Many people use Mock Objects when they are writing unit tests. What is a Mock Object? Why would I ever need one? Do I need a Mock Object Framework?
I've actually used your first approach with quite some success, but in a slightly different ways that I think would solve some of your problems:
Keep the entire schema and scripts for creating it in source control so that anyone can create the current database schema after a check out. In addition, keep sample data in data files that get loaded by part of the build process. As you discover data that causes errors, add it to your sample data to check that errors don't re-emerge.
Use a continuous integration server to build the database schema, load the sample data, and run tests. This is how we keep our test database in sync (rebuilding it at every test run). Though this requires that the CI server have access and ownership of its own dedicated database instance, I say that having our db schema built 3 times a day has dramatically helped find errors that probably would not have been found till just before delivery (if not later). I can't say that I rebuild the schema before every commit. Does anybody? With this approach you won't have to (well maybe we should, but its not a big deal if someone forgets).
For my group, user input is done at the application level (not db) so this is tested via standard unit tests.
Loading Production Database Copy:
This was the approach that was used at my last job. It was a huge pain cause of a couple of issues:
- The copy would get out of date from the production version
- Changes would be made to the copy's schema and wouldn't get propagated to the production systems. At this point we'd have diverging schemas. Not fun.
Mocking Database Server:
We also do this at my current job. After every commit we execute unit tests against the application code that have mock db accessors injected. Then three times a day we execute the full db build described above. I definitely recommend both approaches.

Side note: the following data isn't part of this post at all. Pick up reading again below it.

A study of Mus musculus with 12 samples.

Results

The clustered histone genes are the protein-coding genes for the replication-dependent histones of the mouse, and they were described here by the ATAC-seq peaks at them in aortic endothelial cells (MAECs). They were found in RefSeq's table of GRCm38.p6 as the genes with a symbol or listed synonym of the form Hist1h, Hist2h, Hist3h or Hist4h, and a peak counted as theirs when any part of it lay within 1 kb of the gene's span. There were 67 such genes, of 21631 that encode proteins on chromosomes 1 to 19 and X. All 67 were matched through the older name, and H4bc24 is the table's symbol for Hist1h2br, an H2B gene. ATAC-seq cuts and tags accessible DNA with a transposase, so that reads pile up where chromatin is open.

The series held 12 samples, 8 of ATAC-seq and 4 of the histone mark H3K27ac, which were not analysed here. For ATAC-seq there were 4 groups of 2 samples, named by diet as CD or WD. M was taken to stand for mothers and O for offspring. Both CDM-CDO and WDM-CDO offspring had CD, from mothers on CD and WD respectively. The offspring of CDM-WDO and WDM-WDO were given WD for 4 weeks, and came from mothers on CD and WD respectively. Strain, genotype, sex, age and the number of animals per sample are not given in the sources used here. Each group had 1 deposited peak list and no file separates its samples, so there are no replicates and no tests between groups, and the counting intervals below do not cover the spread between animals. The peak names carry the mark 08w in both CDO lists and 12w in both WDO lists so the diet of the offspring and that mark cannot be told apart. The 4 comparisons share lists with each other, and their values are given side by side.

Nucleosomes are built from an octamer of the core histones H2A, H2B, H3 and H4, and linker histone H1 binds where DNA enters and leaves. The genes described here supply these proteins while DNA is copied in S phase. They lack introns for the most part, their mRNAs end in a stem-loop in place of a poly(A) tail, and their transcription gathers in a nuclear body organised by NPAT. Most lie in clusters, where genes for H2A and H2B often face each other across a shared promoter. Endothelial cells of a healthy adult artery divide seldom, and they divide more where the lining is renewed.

You can get some information :
Fake objects actually have working implementations, but usually take some shortcut which makes them not suitable for production
Stubs provide canned answers to calls made during the test, usually not responding at all to anything outside what's programmed in for the test. Stubs may also record information about calls, such as an email gateway stub that remembers the messages it 'sent', or maybe only how many messages it 'sent'.
Mocks are what we are talking about here: objects pre-programmed with expectations which form a specification of the calls they are expected to receive.
Fake: We acquire or build a very lightweight implementation of the same functionality as provided by a component that the SUT depends on and instruct the SUT to use it instead of the real.
Stub : This implementation is configured to respond to calls from the SUT with the values (or exceptions) that will exercise the Untested Code (see Production Bugs on page X) within the SUT. A key indication for using a Test Stub is having Untested Code caused by the inability to control the indirect inputs of the SUT
Mock Object that implements the same interface as an object on which the SUT (System Under Test) depends. We can use a Mock Object as an observation point when we need to do Behavior Verification to avoid having an Untested Requirement (see Production Bugs on page X) caused by an inability to observe side-effects of invoking methods on the SUT.
I try to simplify by using : Mock and Stub. I use Mock when it's an object that returns a value that is set to the tested class. I use Stub to mimic an Interface or Abstract class to be tested. In fact, it doesn't really matter what you call it, they are all classes that aren't used in production, and are used as utility classes for testing.